Water is one of the most abundant resources on the planet, and the most foundational component of all known biological organisms. According to research, anywhere between 50 - 65% of an adult's body is composed of water. That amount largely depends upon age, with infants and young children typically averaging around 80% of their weight from water.
We're all aware of the importance of drinking water on a regular basis, but how much water do we really need to consume?
It depends on many factors, such as weight, age, sex, body composition, fitness level, level of activity, etc. The Institute of Medicine determined that an adequate intake for men is roughly about 13 cups (3 l) and for women is about 9 cups (2.2 l) of total beverages a day.
There are a few important factors to remember, however. Muscle mass retains more water than fat, so your daily water requirements might be higher than those of someone with a higher body fat percentage but the same total body weight as you. It is also important to note that an adult female's body composition will always have a significantly higher fat percentage than that of a male's. A very active, athletic young woman will more than likely have a body fat percentage in the low-to-mid teens, somewhere between 12-14%, which would be considered relatively high for a male athlete. Professional male bodybuilders can reduce their body fat percentage prior to a competition to as low as 5%.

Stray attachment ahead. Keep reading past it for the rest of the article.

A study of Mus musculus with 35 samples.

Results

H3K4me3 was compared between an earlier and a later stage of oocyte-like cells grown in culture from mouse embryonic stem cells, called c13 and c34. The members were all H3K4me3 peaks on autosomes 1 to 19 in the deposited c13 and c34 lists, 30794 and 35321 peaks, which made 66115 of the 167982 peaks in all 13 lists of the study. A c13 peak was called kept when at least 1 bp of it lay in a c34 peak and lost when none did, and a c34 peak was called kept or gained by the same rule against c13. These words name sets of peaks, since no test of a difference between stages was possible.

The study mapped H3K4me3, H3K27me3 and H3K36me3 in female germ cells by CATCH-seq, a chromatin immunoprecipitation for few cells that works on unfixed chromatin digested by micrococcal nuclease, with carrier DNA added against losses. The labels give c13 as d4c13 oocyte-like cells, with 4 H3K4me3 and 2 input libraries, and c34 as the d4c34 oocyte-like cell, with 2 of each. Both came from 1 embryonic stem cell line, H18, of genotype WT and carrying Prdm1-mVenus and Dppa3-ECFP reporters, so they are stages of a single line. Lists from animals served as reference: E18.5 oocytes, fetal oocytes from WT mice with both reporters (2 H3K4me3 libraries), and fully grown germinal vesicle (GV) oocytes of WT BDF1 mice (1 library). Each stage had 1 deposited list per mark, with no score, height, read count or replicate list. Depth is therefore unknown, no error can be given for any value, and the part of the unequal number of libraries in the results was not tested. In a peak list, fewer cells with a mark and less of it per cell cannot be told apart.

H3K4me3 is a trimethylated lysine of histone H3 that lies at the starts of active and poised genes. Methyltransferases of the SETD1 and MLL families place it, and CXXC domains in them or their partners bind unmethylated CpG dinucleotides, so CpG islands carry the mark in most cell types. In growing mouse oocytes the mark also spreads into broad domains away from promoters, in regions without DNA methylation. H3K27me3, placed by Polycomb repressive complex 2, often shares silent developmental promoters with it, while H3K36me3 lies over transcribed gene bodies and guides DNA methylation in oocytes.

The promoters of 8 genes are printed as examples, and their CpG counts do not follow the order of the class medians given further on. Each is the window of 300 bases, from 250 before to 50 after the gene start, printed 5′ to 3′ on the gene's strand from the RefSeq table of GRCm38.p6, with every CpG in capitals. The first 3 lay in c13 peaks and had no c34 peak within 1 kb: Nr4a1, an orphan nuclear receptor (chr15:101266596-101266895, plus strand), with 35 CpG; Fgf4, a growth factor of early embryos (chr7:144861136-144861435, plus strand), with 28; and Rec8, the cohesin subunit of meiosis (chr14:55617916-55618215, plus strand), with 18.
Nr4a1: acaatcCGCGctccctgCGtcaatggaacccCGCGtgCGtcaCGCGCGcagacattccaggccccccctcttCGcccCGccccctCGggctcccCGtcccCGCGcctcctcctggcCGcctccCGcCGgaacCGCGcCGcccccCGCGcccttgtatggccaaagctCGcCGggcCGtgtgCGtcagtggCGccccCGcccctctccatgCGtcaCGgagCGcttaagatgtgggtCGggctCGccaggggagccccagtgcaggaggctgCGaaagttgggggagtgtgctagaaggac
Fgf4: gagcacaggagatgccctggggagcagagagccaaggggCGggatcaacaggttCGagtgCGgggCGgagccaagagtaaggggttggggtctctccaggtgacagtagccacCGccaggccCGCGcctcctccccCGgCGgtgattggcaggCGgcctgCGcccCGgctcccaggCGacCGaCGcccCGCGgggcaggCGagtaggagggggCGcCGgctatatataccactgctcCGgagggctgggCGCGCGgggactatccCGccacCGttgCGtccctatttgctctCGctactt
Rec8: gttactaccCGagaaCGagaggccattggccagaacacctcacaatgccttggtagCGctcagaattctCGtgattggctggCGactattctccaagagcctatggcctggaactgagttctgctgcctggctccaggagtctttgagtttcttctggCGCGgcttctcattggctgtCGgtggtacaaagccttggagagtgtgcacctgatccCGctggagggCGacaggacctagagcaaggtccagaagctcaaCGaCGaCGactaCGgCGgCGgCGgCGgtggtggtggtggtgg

Moreover, if you exercise on a consistent basis, your water needs will be much higher than those of a person who leads a passive lifestyle. According to the rule of thumb used by fitness professionals in this particular situation, for every hour spent in the gym, a whole litre of additional water should be consumed in order to replenish the amount used. Your particular exercise choices are also strong determining factors.
Practising yoga while being mildly dehydrated might lead to a slight drop in performance, which could be practically unnoticeable however, running a 5k while being mildly dehydrated significantly increases the risk of injury. Drinking plenty of water is absolutely necessary in order to lead a healthy lifestyle. Water is necessary for every chemical reaction and organ of the human body.
Are you drinking enough water? Often at the first signs of thirst, the body is already mildly dehydrated. If you’re unsure whether you’re drinking enough, it’s often helpful to fill a large measured bottle and drink from that slowly throughout the day. It’ll become a healthy habit before you know it!